Indictment: Claims Included 4 Dead Before Explosion, 1 Dog

30 Oct 2015 | Author: | No comments yet »

5 plead not guilty in Gulf oil spill fraud case; 2 absent.

GULFPORT, Miss. (AP) — A Texas lawyer, his brother and a second employee of his law firm are among seven people accused of faking more than 40,000 damage claims after the BP oil spill in 2010, federal prosecutors said Thursday. Seven individuals, one from Alabama, have been indicted by a federal grand jury after authorities say they filed fraudulent claims totaling more than $2 billion related to the 2010 Deepwater Horizon oil spill. Other attorneys paid Mikal Watts’ law firm nearly $11 million for shares in his “seafood docket” of claims brought by deckhands on commercial fishing boats, according to the 95-count indictment unsealed Thursday in Gulfport, Mississippi. Attorney Gregory Davis said in a news release. “The indictment alleges that the defendants carried out mail and wire fraud schemes using stolen identities of coastal residents in order to enrich themselves.” The indicted parties are: Mikal C. Other defendants are David Watts; employee Wynter Lee; Hector Eloy Guerra of Westlaco, Texas; Gregory Warren of Lafayette, Louisiana; Thi Houng Le of Pascagoula, Mississippi; and Le’s sister-in-law, Thi Hoang Nguyen.

Defense attorney Robert McDuff has confirmed that Watts is among the defendants in a sealed indictment and is scheduled for arraignment Thursday afternoon. But, as the evidence at trial will show, there was no fraud on the part of Mikal Watts or the people who work in his office,” he wrote in a statement.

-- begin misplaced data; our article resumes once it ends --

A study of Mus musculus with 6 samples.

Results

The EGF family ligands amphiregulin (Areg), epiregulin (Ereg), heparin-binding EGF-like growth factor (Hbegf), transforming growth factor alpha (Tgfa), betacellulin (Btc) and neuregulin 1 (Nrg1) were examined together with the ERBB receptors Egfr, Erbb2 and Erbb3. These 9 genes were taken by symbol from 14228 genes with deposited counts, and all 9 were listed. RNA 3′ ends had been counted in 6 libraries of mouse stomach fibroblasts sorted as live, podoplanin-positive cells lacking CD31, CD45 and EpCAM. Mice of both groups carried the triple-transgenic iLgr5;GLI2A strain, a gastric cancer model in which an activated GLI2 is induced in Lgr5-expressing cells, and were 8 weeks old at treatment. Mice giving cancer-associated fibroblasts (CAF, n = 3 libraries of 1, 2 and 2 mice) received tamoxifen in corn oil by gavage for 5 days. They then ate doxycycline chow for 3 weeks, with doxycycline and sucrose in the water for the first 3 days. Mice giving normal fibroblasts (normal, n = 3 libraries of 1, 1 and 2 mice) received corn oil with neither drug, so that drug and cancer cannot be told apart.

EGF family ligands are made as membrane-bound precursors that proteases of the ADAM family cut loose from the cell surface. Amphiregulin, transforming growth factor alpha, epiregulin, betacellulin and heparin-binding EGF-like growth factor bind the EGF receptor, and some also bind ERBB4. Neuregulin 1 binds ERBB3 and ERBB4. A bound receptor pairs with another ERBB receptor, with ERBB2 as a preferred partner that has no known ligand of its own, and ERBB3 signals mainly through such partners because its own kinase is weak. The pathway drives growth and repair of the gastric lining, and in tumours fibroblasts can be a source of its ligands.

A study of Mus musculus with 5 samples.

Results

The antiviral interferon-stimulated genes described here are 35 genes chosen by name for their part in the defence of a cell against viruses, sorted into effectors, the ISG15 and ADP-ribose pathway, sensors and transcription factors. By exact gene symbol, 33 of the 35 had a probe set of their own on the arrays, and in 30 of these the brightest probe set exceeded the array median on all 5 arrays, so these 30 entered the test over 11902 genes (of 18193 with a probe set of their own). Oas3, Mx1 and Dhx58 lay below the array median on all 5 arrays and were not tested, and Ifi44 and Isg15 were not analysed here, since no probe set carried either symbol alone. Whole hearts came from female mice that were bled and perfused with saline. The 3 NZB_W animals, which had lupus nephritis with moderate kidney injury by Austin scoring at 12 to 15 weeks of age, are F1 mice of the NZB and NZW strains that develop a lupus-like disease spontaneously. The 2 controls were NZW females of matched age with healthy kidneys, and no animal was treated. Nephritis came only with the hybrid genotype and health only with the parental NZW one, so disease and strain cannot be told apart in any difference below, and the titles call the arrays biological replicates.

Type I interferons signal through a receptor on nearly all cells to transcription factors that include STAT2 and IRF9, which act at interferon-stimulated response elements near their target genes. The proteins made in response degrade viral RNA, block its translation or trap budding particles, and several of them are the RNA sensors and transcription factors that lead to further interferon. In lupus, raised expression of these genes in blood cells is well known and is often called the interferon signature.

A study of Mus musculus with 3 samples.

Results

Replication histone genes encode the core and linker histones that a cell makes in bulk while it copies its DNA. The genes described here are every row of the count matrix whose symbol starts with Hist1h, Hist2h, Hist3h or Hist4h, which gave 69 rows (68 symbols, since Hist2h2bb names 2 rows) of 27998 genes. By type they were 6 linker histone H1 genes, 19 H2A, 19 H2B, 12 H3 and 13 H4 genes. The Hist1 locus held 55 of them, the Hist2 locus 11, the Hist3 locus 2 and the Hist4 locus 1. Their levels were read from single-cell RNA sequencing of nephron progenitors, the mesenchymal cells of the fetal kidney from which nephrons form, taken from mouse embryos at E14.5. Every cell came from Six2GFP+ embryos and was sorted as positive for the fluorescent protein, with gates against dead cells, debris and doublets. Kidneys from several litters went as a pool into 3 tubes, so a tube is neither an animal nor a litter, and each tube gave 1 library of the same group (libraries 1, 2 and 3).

Prosecutors say that false claims were filed on behalf of people from four Gulf States, including Mississippi, alleging that in some cases the claimants were deceased. “Defendant Watts falsely claimed that each of these 41 victims was a deckhand on a commercial fishing vessel. McDuff says he cannot discuss specific charges, but they’re related to allegations that Watts committed fraud or forgery when he claimed to represent 44,500 commercial fishing boat deckhands who were suing BP.

BP said claims officials could verify the Social Security numbers of only 42 percent of Watts’ claimants, and one person who had never hired Watts was listed twice. “More than 98 percent of the Watts claimants never even filed a claim with the Seafood Compensation Program, while 96 percent of the claims that he did file have been denied,” BP attorneys wrote. Caldwell, Special Agent in Charge of the United States Secret Service Birmingham Field Office. “This case highlights the Secret Service’s investigative expertise in combating some of the most sophisticated, prolific financial crimes over our 150 year history.” Conspiracy carries a maximum sentence of 5 years in prison and a $250,000 fine. BP also said Watts’ claims to represent tens of thousands of deckhands got him a seat on the committee of lawyers who negotiated the multibillion-dollar settlement with BP in 2012.